There is something about the winter darkness that soothes me. While the numbers of suicides, especially in the northern European countries such as Finland, rise in the long winter months, to me this period represents my first memories of peace and security. Aged 16 I landed in what would forever be my home away from home, Norway.
December 15 1997 my family and I landed on a land so far away from what we had ever been or dreamed of being. The intricate operation of uprooting a family of eight from our temporary home in Nairobi, where we had been living for three years, turned out to be more trickier than anyone could have thought. My mother, a courageous woman, who spent most of her waking hours trying to find a way out of the situation we were in as illegal immigrants in Kenya, received the news of our move to the Scandinavian country on Thursday afternoon and we were to be out of the country by Sunday. How do you prepare for that?
You really don’t. Suited in a multi-coloured pair of jeans, a white tee, knitted jumper and canvas shoes, I was ready for the new life ahead of me.
My parents are well educated and held good jobs back home in Rwanda and had often travelled to the west, as had most of my siblings, but no one had been further up north, so we all didn’t know what to expect or how to prepare. For how do you prepare for what you don’t know?
Born and raised below the equator had afforded me a luxury I never knew I had; warmth and sunshine. Nairobi can be cold at times but what I experienced the second I stepped out of the plane in Germany for a short transit before boarding our next flight to Norway was nothing in comparison.
An elderly Norwegian gentleman looked us over as we stood shivering in the cold and asked us where we were headed. Upon responding Norway, he shook his head at our clothing and said we were in for a rude awekening. This was 6 degrees celcius and I couldn’t fathom what this man was on about, but soon enough I found out when mid afternoon we set foot on Norwegian soil. Mother of God! Where have we been dumped? And how, or better, why would anyone want to live in these conditions?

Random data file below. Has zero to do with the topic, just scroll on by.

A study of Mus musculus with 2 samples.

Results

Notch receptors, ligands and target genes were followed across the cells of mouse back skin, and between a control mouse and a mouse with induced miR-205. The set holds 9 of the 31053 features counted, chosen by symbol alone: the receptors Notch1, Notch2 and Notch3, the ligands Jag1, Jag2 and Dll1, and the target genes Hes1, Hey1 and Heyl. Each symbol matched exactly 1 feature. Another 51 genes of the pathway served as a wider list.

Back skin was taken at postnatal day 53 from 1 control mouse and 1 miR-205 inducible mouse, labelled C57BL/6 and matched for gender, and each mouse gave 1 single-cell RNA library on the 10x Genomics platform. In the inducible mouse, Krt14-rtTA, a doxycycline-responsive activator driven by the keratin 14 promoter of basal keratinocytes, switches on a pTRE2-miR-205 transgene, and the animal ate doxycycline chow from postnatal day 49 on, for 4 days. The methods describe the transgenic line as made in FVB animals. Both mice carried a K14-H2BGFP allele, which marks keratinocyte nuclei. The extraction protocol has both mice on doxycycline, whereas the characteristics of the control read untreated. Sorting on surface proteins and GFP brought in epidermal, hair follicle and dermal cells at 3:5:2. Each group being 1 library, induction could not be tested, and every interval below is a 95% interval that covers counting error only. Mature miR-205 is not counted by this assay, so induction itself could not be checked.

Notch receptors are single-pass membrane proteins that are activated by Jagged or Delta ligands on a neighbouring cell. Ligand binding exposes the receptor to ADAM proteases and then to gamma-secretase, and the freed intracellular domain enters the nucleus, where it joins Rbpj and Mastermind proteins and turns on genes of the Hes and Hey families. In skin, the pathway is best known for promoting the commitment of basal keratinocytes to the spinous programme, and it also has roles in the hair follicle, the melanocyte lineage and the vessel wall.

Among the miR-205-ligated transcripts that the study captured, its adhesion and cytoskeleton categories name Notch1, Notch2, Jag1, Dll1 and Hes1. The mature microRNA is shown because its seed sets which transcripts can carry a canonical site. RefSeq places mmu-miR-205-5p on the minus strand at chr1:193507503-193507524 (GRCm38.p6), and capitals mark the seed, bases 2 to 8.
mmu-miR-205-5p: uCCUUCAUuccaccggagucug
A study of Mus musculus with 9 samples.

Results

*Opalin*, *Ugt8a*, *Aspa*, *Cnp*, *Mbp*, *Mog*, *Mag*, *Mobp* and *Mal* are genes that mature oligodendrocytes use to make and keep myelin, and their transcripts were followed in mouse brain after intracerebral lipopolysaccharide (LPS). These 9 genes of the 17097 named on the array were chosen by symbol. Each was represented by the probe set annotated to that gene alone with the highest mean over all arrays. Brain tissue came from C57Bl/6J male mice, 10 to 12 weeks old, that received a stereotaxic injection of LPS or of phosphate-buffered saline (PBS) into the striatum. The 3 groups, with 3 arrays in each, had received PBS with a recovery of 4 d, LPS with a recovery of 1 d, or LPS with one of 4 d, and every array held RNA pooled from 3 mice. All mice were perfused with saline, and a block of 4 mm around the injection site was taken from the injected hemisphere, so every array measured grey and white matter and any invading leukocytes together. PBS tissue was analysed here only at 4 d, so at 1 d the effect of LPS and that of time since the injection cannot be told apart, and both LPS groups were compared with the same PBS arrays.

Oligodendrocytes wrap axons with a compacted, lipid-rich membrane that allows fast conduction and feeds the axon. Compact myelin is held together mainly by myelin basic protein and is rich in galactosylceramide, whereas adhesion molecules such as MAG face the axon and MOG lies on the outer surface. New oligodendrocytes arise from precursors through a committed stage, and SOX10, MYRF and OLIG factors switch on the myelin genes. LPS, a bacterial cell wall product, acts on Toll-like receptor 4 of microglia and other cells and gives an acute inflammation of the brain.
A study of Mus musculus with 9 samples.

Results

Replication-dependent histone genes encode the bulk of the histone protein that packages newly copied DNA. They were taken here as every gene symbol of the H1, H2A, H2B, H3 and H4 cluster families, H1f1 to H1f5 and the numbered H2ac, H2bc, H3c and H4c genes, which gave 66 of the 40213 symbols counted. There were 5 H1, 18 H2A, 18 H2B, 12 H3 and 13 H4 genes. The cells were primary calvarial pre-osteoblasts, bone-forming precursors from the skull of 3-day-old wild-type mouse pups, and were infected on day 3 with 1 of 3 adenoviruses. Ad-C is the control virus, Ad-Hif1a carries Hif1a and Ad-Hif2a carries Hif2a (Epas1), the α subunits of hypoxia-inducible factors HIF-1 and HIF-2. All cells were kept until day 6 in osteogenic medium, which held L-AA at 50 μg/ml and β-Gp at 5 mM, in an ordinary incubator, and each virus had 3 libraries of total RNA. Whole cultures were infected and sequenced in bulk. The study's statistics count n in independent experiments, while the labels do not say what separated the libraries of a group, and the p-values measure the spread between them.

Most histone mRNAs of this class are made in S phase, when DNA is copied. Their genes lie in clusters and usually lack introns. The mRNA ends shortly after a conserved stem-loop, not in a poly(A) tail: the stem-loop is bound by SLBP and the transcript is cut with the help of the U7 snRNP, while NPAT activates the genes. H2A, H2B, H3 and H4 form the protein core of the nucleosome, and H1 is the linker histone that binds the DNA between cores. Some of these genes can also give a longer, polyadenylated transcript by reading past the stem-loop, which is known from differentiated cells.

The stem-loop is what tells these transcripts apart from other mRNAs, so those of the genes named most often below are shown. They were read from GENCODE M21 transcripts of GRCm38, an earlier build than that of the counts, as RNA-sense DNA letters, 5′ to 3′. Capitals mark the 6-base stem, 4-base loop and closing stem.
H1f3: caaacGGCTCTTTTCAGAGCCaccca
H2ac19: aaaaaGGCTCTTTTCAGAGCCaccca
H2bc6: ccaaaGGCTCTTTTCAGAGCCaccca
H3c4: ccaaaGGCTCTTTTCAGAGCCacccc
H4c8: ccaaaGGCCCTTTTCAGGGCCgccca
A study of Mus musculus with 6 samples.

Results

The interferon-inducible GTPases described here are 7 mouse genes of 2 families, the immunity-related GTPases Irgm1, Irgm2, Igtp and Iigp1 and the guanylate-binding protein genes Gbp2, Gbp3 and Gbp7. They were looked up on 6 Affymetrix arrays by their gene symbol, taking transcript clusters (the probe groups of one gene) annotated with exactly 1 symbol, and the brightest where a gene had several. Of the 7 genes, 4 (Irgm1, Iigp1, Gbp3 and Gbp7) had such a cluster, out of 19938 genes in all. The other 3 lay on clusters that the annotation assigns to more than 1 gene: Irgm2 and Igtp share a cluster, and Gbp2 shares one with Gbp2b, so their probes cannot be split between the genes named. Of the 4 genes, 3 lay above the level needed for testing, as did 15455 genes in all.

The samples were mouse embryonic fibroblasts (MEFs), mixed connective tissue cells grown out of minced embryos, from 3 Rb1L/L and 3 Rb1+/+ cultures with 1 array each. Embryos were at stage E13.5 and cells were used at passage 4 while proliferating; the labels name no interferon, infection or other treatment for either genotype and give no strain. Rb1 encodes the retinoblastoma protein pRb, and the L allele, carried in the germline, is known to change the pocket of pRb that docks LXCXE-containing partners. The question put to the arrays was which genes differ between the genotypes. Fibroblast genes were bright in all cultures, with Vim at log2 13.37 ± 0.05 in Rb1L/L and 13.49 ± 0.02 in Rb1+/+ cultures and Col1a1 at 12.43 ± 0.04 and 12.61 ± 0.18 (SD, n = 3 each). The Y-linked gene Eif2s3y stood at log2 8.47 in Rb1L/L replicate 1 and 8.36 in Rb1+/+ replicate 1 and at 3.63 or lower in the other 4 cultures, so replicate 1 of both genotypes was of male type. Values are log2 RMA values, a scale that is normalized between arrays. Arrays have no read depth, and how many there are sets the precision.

Aside from the punishing ice-cold weather, the darkness was also an unwelcoming feeling. While watches told of a time which logically would still be light, reality showed pitch black.
Our first days are just haze for me now, but certain things still remain strong. Like the trouble understanding whatever was written on foods or our first encounter with snow, when my then 20-year-old sister refused to go to her new job because she couldn’t see herself walking on snow.
15 years have now passed since that December day and more than a dozen of winters have come and gone. Sometimes it just feels like yesterday, other times like a lifetime ago.
So when the deep darkness falls upon us for months on end in the winter, I’m reminded of the magical time when my life and that of my loved and close ones’ finally was at ease. While I don’t know how many more winters I may stay here, I aim to cherish each of this time as much as I can. When the time is ready and I head back home, I know I will miss the winters, the fresh and crispy air freezing the hairs in my noise, snaking its way down to my lungs, which in return get filled with the cleanliest air known to man. Or the sound of snow underneath my foot or the feeling of euphoria I get when the first snowflake lands on my face.
This is what 15 years home away from home has taught me.